Yesterday Speaker Pelosi made a valuable point that seems to have been overlooked with the dust-up over Rep. Joe Barton's (R-TX) words of devotion
Yesterday Speaker Pelosi made a valuable point that seems to have been overlooked with the dust-up over Rep. Joe Barton's (R-TX) words of devotion for BP, namely that his response and the earlier letter sent by Rep. Tom Price (R-GA) were symptoms of a widespread problem within the Republican party itself, not merely a few individuals. There are over one hundred members of the Republican Study Group, not one of whom voiced disagreement with the following:
BP’s reported willingness to go along with the White House’s new fund suggests that the Obama Administration is hard at work exerting its brand of Chicago-style shakedown politics. These actions are emblematic of a politicization of our economy that has been borne out of this Administration’s drive for greater power and control. It is the same mentality that believes an economic crisis or an environmental disaster is the best opportunity to pursue a failed liberal agenda. The American people know much better.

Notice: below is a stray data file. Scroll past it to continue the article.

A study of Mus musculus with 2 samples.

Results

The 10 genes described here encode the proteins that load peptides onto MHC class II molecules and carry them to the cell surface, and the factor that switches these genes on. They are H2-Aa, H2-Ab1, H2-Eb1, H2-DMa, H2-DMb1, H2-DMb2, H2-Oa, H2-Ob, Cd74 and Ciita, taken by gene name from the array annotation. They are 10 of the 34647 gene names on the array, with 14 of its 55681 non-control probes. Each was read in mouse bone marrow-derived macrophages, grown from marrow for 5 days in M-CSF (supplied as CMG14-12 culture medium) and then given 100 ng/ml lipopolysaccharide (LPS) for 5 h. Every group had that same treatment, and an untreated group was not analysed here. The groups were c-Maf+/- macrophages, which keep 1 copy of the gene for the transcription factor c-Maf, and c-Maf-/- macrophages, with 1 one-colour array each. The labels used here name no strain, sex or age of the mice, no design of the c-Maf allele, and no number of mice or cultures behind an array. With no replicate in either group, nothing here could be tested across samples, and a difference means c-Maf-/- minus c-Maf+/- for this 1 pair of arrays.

Transcript from the video:
Q: Do you think Mr. Barton should step aside as Ranking Member on the Energy and Commerce Committee? And do you think his sudden firestorm that's blown up around his comments represents kind of a turning point for the Republicans, and this attitude you describe of favoring big business?
Speaker Pelosi. A turning point for them supporting Big Business? They've always been on that track.
Q: Is this comment too far?
Speaker Pelosi. Well, let me just say that — that was one comment. I think it's important to note that it was not inconsistent with comments made the chairman of the Republican Study Committee — a part of the Republican leadership, Representative Tom Price. He said: "BP's reported willingness to go along with the White House new fund suggests that the Obama Administration is hard at work exerting its brand of Chicago-style 'shakedown' politics."
So I think that Mr. Barton's comments fit comfortably among the leadership of the Republicans in the House of Representatives. It's up to them to decide who's in the leadership of their committees. But he is not alone in his association with sympathy for the oil companies.
As I said before, people in the Gulf are suffering from BP's negligence and recklessness. Republicans in Congress are apologizing to BP.